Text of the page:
And, again, the stalking horses lost.
As with last year in the Hamburg Central School District, board candidates harboring right-wing political agendas largely failed in their attempts to win seats in Tuesday’s elections. Voters understood the issues and the threats, opting for candidates already in office or endorsed by teachers unions.
That’s not always the best approach, but it’s a solid one at a time when, here and around the country, far-right candidates are seeking to worm their way into public life by winning election to school boards. Their goals include book-banning and, as one candidate wrote last year, a commitment to “massive upheaval.” The hard work of educating children ranked somewhere lower on that political agenda.
People are also reading…
With multimillion-dollar budgets, high standards imposed by state government and high expectations of parents, school districts are no place to play political games. That’s true at any time, but especially in a time of national division. Schools – including their boards – should be refuges from the craziness that plays out elsewhere.
So, it’s good news that voters continue to see that masquerade for what it is. They also understood the risks – indeed, the pointlessness – of rejecting proposed school budgets, which were approved in all districts across Erie and Niagara counties.
Not so long ago, it was the budgets that commanded the most attention when school district voters went to the polls. But times have changed and, now, the overarching issue is whether school boards will be overrun by ideologues who are perpetually – sometimes performatively – angry about something: masking policies or library books or “critical race theory” or even students who stick up for gender equality. For those candidates, it’s about infiltrating school boards and imposing their radicalism on everyone else.
One of the early leaders of that effort acknowledged as in 2021, as The New York Times reported last year. Conservative activist Christopher Rufo was instrumental in creating a backlash against both critical race theory and the Disney Corp. for its objections to Florida’s “don’t say gay” law. His method, as he acknowledged in 2021, is misdirection, if not deceit: “The goal is to have the public read something crazy in the newspaper and immediately think ‘critical race theory,’ ” he wrote on Twitter.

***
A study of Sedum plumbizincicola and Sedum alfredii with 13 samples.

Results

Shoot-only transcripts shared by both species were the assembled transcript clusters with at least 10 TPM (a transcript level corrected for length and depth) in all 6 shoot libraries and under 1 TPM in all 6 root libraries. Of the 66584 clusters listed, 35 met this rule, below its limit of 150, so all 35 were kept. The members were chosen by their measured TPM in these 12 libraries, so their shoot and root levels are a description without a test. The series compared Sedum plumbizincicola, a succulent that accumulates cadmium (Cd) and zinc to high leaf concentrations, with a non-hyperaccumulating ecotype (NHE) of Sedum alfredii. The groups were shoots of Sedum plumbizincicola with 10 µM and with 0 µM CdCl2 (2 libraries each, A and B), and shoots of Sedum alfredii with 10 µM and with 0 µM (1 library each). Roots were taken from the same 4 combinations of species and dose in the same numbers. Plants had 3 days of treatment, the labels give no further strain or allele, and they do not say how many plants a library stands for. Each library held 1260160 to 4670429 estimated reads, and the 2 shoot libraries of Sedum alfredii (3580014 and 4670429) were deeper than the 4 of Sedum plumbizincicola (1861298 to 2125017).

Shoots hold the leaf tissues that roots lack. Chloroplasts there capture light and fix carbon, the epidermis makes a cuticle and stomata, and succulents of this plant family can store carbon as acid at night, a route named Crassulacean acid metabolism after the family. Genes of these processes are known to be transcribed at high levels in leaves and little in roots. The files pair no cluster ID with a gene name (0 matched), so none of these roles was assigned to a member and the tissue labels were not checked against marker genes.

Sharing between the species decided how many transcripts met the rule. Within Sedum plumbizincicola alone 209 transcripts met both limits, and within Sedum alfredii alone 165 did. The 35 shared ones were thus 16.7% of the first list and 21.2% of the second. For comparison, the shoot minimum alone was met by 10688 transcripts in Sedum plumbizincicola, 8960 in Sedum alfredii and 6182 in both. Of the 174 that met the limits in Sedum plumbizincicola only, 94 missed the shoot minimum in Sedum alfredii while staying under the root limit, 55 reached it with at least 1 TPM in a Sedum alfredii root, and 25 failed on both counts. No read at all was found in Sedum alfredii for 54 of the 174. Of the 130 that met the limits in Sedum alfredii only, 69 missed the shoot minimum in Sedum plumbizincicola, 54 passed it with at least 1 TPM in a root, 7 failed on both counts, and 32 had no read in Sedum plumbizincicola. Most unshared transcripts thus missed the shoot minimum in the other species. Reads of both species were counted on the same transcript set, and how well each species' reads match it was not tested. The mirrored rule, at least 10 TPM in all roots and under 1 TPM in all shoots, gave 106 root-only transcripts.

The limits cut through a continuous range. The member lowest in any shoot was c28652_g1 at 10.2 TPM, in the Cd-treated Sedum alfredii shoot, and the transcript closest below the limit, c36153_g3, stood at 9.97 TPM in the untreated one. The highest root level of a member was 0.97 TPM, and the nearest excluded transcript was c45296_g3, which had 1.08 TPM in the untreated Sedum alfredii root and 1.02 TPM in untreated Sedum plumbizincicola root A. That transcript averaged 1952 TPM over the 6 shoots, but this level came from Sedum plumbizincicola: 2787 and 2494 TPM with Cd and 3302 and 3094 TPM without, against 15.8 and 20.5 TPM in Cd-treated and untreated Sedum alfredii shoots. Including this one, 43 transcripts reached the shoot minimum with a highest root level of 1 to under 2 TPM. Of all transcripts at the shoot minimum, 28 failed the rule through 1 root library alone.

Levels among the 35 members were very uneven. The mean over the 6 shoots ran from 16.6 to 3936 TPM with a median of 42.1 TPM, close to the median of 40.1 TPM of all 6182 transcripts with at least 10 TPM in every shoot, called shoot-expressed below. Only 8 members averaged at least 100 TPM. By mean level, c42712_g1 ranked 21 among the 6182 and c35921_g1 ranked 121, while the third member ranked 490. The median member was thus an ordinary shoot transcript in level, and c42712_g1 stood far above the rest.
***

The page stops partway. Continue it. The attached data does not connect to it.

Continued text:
Here, at least, voters have held the line against turning classrooms into petri dishes of discontent. Last year, for example, Hamburg voters turned away a slate of far right candidates whose strategy, according to a Facebook post, included “massive civil disobedience and continuing to be loud, speak up, take over board of education seats this spring, and create massive upheaval.” That’s an agenda of chaos, not education.
This year, voters in West Seneca turned away a candidate who had shared antisemitic and anti-gay posts on her Truth Social account. In Lancaster, they rejected a slate of candidates whose agenda included the books in the school library as well as concerns about a lack of communication. Their approach on books was less confrontational than some in other places, but what did that have to do with the fundamental issues of educating students?
In both cases, and in others, voters favored candidates with experience and those backed by teachers unions. That is to say, they opted for candidates who have shown an actual interest in educating students or at least could be fairly presumed to have that interest.
But if Tuesday’s results were heartening, the political landscape offers school district voters no reason to relax. This is shaping up as a long-term fight, one that will require the vigilance of voters for years to come.
In the meantime, it’s long past time for New York to abolish the anachronistic policy of requiring a public vote on school district budgets. It doesn’t happen in other taxing entities, so why schools? In a representative democracy, we elect people to do that work then judge their performance on election day. Why hold that cudgel over schools and the students inside? More harm than good is likely to result.
• • •
What’s your opinion? Send it to us at firstname.lastname@example.org. Letters should be a maximum of 300 words and must convey an opinion. The column does not print poetry, announcements of community events or thank you letters. A writer or household may appear only once every 30 days. All letters are subject to fact-checking and editing.